Family Matters- USFHP Blog

5 Healthy Foods You Aren't Eating

Posted by Rhonda Morris on Jun 14, 2017 2:48:09 PM



Today, Americans take food choices very seriously. We all know about the important link between what we eat and our overall health. At US Family Health Plan – a TRICARE Prime health program – we support wellness and a healthy lifestyle because these are two critical pillars of good health. To help you stay on course, today are sharing 5 healthy food choices that may mistakenly be perceived as unhealthy. These foods taste good but surprisingly, they also happen to be good for you. Knowing about them can help you eat better, while still enjoying your meal. And that’s a winning combination!

  • Pork chops. Taste isn't the only great thing about that juicy pork chop you have been eyeing in the butcher's case. Compared to beef or chicken, pork chops contain relatively high amounts of selenium -- a mineral that's linked to lower risk of cancer. Per gram, pork chops have almost five times the selenium of beef, and more than twice that of chicken. They're also loaded with riboflavin and thiamin, B vitamins, which help your body convert calories to energy more efficiently. Researchers have found that a 6-ounce daily serving of pork also helps you preserve muscle mass as you lost weight. So break out those ribs! Just go easy on the sauce.
  • Mushrooms. Yes, you’re right. We are talking “edible fungus”. There are over 700 different species of mushrooms that are known to have a healthy, medicinal qualities. Made up of more than 90% water, mushrooms contain metabolites, which are by-products they release when we digest them in our bodies. Metabolites boost immunity and prevent cancer growth. Pass the mushrooms, please.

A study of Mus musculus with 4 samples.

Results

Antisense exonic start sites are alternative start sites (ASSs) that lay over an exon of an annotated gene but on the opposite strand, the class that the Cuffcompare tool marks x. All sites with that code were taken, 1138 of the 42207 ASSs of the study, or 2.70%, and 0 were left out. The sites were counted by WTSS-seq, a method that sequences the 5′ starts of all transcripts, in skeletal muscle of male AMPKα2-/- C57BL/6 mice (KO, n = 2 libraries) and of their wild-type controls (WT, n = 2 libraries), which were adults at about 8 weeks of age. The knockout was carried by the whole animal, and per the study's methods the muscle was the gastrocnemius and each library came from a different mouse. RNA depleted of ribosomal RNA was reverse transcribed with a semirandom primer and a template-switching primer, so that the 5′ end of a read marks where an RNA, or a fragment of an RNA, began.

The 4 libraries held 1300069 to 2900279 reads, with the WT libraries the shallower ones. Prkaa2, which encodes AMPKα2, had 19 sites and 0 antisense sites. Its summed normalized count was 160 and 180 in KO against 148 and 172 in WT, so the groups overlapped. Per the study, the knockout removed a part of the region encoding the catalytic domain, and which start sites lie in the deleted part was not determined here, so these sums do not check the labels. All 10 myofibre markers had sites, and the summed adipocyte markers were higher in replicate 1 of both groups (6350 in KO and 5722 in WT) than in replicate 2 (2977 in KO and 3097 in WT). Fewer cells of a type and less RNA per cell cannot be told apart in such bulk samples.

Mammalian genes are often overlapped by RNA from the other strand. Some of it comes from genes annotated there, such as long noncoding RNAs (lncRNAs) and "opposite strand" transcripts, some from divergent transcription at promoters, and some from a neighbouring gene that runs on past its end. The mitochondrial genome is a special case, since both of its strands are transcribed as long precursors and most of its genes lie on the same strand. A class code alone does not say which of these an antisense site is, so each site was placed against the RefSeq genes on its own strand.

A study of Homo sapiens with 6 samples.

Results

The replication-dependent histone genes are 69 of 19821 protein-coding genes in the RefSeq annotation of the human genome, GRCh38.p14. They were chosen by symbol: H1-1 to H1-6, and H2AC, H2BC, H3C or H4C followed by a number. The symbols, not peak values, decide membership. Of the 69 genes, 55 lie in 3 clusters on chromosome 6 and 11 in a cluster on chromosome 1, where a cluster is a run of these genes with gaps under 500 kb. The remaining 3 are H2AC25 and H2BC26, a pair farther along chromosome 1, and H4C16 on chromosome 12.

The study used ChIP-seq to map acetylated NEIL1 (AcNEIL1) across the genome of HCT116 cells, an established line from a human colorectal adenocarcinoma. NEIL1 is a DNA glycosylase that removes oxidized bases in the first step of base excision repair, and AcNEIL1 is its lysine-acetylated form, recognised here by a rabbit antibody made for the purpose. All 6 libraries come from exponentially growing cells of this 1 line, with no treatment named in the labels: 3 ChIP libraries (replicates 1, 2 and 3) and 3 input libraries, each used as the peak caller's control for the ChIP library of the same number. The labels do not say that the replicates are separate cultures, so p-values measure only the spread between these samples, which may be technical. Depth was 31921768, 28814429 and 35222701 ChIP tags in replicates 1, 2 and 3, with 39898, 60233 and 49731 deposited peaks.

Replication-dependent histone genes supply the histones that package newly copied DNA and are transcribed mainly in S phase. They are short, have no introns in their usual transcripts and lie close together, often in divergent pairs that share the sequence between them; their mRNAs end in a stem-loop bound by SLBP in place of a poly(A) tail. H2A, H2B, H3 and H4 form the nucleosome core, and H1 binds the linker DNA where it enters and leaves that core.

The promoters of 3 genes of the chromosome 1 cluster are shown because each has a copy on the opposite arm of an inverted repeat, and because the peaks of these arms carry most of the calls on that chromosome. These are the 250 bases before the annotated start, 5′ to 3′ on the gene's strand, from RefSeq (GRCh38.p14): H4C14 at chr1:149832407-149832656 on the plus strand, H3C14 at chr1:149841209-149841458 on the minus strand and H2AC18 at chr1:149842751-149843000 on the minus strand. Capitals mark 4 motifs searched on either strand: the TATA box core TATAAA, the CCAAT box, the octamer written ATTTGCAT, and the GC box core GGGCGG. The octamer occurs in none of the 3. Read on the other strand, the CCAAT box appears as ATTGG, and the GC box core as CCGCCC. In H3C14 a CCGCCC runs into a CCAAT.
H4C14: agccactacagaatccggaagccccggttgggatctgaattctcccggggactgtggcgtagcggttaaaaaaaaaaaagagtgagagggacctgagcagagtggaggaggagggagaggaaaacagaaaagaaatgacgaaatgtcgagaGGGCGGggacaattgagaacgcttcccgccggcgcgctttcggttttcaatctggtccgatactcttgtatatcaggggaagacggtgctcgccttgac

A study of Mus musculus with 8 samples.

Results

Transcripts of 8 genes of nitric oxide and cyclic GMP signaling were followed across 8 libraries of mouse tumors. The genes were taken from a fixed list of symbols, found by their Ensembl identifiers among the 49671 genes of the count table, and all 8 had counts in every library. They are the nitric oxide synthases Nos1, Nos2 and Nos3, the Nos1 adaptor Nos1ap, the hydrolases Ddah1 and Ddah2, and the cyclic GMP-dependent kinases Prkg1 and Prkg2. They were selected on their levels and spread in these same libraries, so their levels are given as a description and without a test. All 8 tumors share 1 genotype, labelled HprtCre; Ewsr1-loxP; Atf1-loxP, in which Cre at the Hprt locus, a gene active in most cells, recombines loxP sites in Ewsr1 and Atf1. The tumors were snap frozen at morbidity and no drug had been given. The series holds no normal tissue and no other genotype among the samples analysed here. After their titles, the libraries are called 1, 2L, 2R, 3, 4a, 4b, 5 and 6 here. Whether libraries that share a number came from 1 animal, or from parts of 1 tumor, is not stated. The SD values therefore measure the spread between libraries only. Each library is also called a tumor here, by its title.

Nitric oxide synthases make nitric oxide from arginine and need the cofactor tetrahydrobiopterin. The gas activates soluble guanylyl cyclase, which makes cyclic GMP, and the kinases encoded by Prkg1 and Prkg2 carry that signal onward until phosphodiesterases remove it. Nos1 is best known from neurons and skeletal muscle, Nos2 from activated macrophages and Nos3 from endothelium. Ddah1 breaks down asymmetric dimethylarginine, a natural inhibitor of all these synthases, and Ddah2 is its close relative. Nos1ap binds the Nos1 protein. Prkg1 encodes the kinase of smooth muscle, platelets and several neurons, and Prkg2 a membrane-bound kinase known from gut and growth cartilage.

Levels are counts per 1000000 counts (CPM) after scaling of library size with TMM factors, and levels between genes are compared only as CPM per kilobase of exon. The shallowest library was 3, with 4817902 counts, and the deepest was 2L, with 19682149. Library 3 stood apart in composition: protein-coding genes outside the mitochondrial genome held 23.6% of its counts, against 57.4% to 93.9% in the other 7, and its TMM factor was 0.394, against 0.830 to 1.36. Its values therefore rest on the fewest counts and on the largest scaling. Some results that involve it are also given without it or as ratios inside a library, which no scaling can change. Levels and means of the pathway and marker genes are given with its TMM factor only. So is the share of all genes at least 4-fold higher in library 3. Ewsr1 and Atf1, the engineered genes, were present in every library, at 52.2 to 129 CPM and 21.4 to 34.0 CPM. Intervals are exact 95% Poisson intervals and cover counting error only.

• Red Pepper Flakes. Yes, some do like it hot. And what better way to spice up a dish than sprinkle a few of these little babies on top of your favorite dish? The good news? Those little red pepper flakes may be what’s helping you curb your appetite, preventing you from eating too much. Researchers have shown that eating 1/2 teaspoon of pepper—30 minutes prior to a meal – resulted in 14% less caloric intake. But realistically, do you really think you will you eat ½ a teaspoon of straight pepper flakes? We think not. But the appetite reducing effect is real, and will help you at least curb some over-eating. And red pepper, which contains capsaicin, is also believed to kill of cancer cells. Can you stand the heat?
  • Iceberg Lettuce. Most of us have written off this bland salad staple in favor or sexier kale, romaine, or arugula. Iceberg lettuce is largely believed to be nutritionally bankrupt and has been sadly cast aside in a lonely corner of your supermarket’s produce section. But new research indicates that this reputation may be unfounded. It turns out that half a head of lettuce contains significantly more alpha-carotene, a powerful disease-fighting antioxidant, than either romaine lettuce or spinach. And it only is 10 calories per cup, so you get a ton of nutrition without paying the price in extra pounds. Go ahead and enjoy your iceberg lettuce, rabbit!
  • Vinegar. Food researchers have recently learned that when you eat two tablespoons of vinegar with a high-carb meal, your blood sugar can be as much as 23% lower after your meal. Vinegar also gives you the sensation of feeling fuller, so you won’t want to eat as much. Vinegar is packed with polyphenols, which are powerful chemicals that have been shown to improve cardiovascular health. When you combine vinegar with olive oil for a homemade salad dressing, it not only tastes great, it gives you a great health punch. Vinegar also helps lower your blood pressure and can be a great taste substitute for salt. A little dab with do ya!

So now that you know you can still eat some of your favorite foods and support good health at the same time, the only thing to thing to talk about next is portion size. If, for instance, you are eating pork, adjust the amount you eat so that you are staying within your “calorie budget” – or just put more simply, don’t overdo it! Use good judgement with all food you eat, but remember that you can always eat foods you like and still have a healthy diet. Every now and then, it even pays to splurge on that ice cream sundae or piece of your favorite cake. It takes the edge off being a good eater. Eating well is easier when we can incorporate things we like into our diet. Just be aware of the foods you need to avoid and remember to always eat in moderation. US Family health plan puts the same emphasis on happy as we put on health – so eat wisely but include some of the foods that you like too!